During opening arguments in an multidistrict litigation(MDL) trial over allegedly faulty metal-on-metal hips made by DePuy Orthopaedics, a subsidiary of Johnson & Johnson, six plaintiffs say the manufacturer pushed their product “aggressively,” despite knowing that the metal-on-metal design was riskier than others that were available.
The complaint alleges DePuy went as far as paying kickbacks to willing surgeons to encourage use of their hip implant, selling 150,000 of them in the 2000s. The hip device managed to evade standard regulatory review by going through a 510(k) FDA approval, which allows a device to be sold on the market as long as it is similar to a model previously sold. In one case the similar model that provided the fast-track FDA approval was one that predated 1976 regulations regarding premarket review and approval.
This bellwether trial is the third in an 8,500-case MDL, following behind a $500 million verdict that was reduced to $150 million under a Texas legal punitive damages cap. This time, however, the trial is under California law, not subject to the same cap.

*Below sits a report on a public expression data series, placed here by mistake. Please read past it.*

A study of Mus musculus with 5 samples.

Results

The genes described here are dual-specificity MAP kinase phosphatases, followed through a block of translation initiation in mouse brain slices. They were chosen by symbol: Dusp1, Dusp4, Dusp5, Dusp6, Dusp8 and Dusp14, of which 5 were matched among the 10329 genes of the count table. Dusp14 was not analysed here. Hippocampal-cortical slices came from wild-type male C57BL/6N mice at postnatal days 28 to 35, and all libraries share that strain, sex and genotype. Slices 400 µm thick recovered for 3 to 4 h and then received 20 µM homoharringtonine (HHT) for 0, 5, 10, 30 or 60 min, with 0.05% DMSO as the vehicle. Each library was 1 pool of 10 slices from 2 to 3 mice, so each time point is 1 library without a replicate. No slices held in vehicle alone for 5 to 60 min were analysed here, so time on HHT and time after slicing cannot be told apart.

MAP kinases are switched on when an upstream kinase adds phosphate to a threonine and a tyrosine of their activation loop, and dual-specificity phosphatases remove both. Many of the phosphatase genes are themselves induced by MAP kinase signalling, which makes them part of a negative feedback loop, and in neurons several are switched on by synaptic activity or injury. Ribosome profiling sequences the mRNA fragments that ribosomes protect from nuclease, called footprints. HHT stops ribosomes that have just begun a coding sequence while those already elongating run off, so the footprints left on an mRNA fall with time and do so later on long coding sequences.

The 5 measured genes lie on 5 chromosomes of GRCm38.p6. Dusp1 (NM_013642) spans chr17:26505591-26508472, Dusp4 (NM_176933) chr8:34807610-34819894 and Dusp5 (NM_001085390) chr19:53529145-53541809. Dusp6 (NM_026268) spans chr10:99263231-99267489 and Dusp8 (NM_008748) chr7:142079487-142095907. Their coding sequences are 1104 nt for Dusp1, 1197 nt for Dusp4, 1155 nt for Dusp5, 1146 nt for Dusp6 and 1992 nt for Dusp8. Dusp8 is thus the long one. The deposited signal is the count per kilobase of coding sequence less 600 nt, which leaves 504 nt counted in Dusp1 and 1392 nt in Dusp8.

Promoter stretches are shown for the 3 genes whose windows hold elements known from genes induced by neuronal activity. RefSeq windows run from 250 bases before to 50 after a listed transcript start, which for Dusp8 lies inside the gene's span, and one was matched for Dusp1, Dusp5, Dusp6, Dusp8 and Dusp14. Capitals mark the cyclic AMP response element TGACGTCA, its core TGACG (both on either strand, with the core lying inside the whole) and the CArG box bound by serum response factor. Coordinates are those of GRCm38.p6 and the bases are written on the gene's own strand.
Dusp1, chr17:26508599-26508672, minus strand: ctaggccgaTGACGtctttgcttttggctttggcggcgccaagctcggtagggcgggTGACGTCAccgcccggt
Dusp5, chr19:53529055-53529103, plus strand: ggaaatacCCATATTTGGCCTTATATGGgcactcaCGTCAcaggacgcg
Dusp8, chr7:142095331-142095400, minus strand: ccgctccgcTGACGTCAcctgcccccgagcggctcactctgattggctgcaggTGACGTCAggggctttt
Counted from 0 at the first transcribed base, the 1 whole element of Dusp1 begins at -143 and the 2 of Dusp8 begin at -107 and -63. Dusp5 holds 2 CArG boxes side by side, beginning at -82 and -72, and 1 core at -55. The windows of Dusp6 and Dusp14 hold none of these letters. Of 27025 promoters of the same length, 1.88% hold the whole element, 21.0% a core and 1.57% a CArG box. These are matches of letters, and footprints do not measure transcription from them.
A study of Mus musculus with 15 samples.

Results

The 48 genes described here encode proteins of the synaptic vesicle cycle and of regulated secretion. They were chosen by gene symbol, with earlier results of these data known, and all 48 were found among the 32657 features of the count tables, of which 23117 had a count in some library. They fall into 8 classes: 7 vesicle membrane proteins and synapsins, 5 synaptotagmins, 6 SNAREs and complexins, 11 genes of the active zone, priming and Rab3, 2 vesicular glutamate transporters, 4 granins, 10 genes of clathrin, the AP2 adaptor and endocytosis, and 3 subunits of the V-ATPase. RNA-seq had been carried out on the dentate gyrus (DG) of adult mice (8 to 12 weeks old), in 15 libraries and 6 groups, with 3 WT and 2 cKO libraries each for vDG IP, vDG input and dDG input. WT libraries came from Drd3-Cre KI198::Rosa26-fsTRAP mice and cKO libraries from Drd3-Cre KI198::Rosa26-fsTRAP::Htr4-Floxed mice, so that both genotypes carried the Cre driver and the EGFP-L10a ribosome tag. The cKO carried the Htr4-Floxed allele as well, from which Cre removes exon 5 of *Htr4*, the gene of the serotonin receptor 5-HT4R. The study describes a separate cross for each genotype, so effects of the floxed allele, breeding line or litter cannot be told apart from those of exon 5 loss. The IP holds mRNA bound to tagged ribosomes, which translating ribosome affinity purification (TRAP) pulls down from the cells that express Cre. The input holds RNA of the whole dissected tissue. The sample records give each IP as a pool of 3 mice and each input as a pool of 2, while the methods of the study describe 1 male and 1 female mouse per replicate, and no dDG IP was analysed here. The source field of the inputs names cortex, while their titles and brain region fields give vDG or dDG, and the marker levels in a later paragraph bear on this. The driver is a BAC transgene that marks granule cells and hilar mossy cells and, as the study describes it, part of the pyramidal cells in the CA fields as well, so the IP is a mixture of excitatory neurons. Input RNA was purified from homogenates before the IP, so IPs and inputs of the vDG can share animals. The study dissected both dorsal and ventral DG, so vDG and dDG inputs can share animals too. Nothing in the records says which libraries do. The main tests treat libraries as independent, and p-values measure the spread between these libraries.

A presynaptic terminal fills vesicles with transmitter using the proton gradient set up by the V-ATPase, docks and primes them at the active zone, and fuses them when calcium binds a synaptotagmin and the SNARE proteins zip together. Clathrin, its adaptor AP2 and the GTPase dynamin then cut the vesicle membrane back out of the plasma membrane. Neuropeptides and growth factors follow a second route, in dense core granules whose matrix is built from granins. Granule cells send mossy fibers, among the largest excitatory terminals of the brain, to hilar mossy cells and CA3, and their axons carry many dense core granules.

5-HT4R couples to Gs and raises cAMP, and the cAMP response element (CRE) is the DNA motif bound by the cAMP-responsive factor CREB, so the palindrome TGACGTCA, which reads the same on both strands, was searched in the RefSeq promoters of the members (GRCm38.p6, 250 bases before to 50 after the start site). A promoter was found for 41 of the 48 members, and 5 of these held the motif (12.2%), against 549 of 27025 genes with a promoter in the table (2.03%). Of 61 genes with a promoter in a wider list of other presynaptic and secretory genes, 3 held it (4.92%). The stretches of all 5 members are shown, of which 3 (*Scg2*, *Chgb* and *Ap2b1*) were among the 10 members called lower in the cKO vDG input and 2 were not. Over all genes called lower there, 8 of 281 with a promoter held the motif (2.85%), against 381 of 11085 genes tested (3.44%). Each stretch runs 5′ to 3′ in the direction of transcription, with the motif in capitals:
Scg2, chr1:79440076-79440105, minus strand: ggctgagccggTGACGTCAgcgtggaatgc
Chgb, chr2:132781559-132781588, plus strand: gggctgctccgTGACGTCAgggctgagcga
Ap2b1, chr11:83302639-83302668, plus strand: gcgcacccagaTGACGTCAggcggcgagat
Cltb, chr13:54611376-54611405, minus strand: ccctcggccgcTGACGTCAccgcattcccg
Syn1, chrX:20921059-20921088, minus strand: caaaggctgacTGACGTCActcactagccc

All six patients in the bellwether have undergone revision surgeries after receiving DePuy’s metal-on-metal hips. The device has been known to cause friction between the metal ball and metal socket, which can result in the device flaking off billions of microscopic debris particles with normal use. The particles can pollute the bloodstream and damage the surrounding tissue.
“It’s common sense that you don’t rub metal against metal without there being adequate lubrication,” the lead plaintiff attorney said. “They never solved any of the metal-on-metal problems. But they went to market anyway. … The only test patients [were] the people that [got] it put in.”